This article bugs me. This claim of “abuse” — comparing Aaron favorably to Bonds — is one thing, but the author falls into the trap that really angers me, the framing of Aaron’s career as somehow the triumph of a slow-and-steady “good player”, the refusal to see Aaron’s greatness.
Hank Aaron’s career is, of course, marked by consistency and length. It’s also marked by greatness, by him being a great player from his second season, 1955, to his twentieth, 1973, when at age 39 he hit 40 homers and slugged .643, second in the league. In every one of those seasons, he got at least one MVP vote. In every one, and in the two following, he made the All-Star team — two All-Star teams from 1959-62, when the game was played twice a year.
I’ve talked about the Black Ink Test, a measure of league-leading totals, in the context of Chipper. Unlike Chipper, Hank led the league. A lot. He’s eighth all-time in the Black Ink Test. He led the league in homers four times, in slugging six times. He won two batting titles and twice led the league in hits. (The dumbest line in the article is that Aaron never hit higher than .355. .355 would be a respectable league-leading total even today.) The all-time leader in total bases, he led the league a remarkable eight times. He led the league in doubles and RBI four times each, three times in runs scored. He finished seven points of batting average short of the Triple Crown in 1963. As for near-league-leading seasons, he’s second to Cobb in the Grey Ink Test, which measures finishes in the Top Ten, and Cobb’s total is boosted by relatively high finishes in home runs, which were far less important in 1919 than in Aaron’s day or ours; the Test isn’t really suited for dead ball players.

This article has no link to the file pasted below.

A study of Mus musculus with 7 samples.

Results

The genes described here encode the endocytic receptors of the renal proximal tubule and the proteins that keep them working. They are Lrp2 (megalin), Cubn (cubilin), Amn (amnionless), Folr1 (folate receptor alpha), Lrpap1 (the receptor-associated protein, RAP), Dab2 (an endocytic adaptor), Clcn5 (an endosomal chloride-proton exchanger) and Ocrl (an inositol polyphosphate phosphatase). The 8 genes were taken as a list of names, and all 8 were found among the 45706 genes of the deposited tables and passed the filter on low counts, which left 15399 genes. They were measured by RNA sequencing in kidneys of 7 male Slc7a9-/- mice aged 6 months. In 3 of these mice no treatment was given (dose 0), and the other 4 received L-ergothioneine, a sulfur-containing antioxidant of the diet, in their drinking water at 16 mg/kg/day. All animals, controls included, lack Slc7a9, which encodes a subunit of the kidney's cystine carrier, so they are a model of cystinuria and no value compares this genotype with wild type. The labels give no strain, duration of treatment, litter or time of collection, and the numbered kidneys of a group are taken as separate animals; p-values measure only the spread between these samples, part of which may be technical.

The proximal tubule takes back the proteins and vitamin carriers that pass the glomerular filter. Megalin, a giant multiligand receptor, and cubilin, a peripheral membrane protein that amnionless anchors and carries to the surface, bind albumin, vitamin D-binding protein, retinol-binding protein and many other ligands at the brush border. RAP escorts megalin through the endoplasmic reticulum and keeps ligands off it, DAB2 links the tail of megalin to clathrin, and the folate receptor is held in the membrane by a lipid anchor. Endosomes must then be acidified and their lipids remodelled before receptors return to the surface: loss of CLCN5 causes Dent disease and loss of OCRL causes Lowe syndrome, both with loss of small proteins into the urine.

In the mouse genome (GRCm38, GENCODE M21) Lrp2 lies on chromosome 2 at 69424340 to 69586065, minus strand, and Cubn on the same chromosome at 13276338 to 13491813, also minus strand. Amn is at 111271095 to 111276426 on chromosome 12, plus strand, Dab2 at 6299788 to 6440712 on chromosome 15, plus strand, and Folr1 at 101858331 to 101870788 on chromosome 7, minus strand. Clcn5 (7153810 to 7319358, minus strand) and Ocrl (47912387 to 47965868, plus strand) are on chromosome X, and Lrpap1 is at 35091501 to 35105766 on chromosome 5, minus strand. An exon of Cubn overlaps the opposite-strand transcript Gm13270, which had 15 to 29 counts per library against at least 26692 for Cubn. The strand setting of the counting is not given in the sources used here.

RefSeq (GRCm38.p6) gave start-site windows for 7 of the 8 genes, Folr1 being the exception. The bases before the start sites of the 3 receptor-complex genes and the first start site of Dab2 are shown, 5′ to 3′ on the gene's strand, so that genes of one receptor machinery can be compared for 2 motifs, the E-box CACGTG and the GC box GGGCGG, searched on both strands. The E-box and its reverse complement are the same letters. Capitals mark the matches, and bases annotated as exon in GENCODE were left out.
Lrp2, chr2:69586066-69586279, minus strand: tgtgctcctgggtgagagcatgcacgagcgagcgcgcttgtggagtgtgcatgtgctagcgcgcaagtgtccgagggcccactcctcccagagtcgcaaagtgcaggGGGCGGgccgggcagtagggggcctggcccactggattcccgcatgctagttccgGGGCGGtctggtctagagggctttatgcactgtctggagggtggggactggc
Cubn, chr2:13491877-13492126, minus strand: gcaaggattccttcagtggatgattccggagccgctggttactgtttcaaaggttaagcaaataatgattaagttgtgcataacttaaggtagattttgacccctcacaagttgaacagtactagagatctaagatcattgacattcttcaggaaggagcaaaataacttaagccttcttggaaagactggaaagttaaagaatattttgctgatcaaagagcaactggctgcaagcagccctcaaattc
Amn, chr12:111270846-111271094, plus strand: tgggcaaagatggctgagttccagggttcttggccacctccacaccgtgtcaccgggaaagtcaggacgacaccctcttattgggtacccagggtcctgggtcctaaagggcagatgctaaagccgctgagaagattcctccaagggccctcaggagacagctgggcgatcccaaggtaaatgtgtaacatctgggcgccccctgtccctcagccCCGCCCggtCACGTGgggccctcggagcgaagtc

Speaking of, Aaron never hit fifty home runs, but his career sits in an era when such high home run totals were rare. There were only five 50+ homer seasons during Aaron’s career, only two in the NL, both by Willie Mays — 51 in 1955, 52 ten years later. Of course, that’s part of the problem, that Hank is getting compared to his more glamourous contemporary Alabamian. But Willie, great as he was, wasn’t as good of a hitter. He won only one batting title, in 1954, and never led the league in RBI. He’s 18th on the Black Ink Test.
Another part of the problem is that Hank played the best part of his career in one of the most run-depressed environments in modern baseball history. The fifties were a relatively low-offense era, and the sixties more so, and County Stadium in Milwaukee was a difficult place to hit home runs. It’s been written that Hank got a boost from Fulton County, and of course that’s so, but that only made up for what he lost from County Stadium. In his career, he hit nearly as many homers on the road as at home. He certainly would have hit 50 in a season if he’d played in a neutral park, and if he’d played under Fulton County conditions probably would have hit 62 or more, and have 850 or more career homers. The “neutralize stats” option on Baseball-Reference gives him 801 homers for his career — and 4030 hits.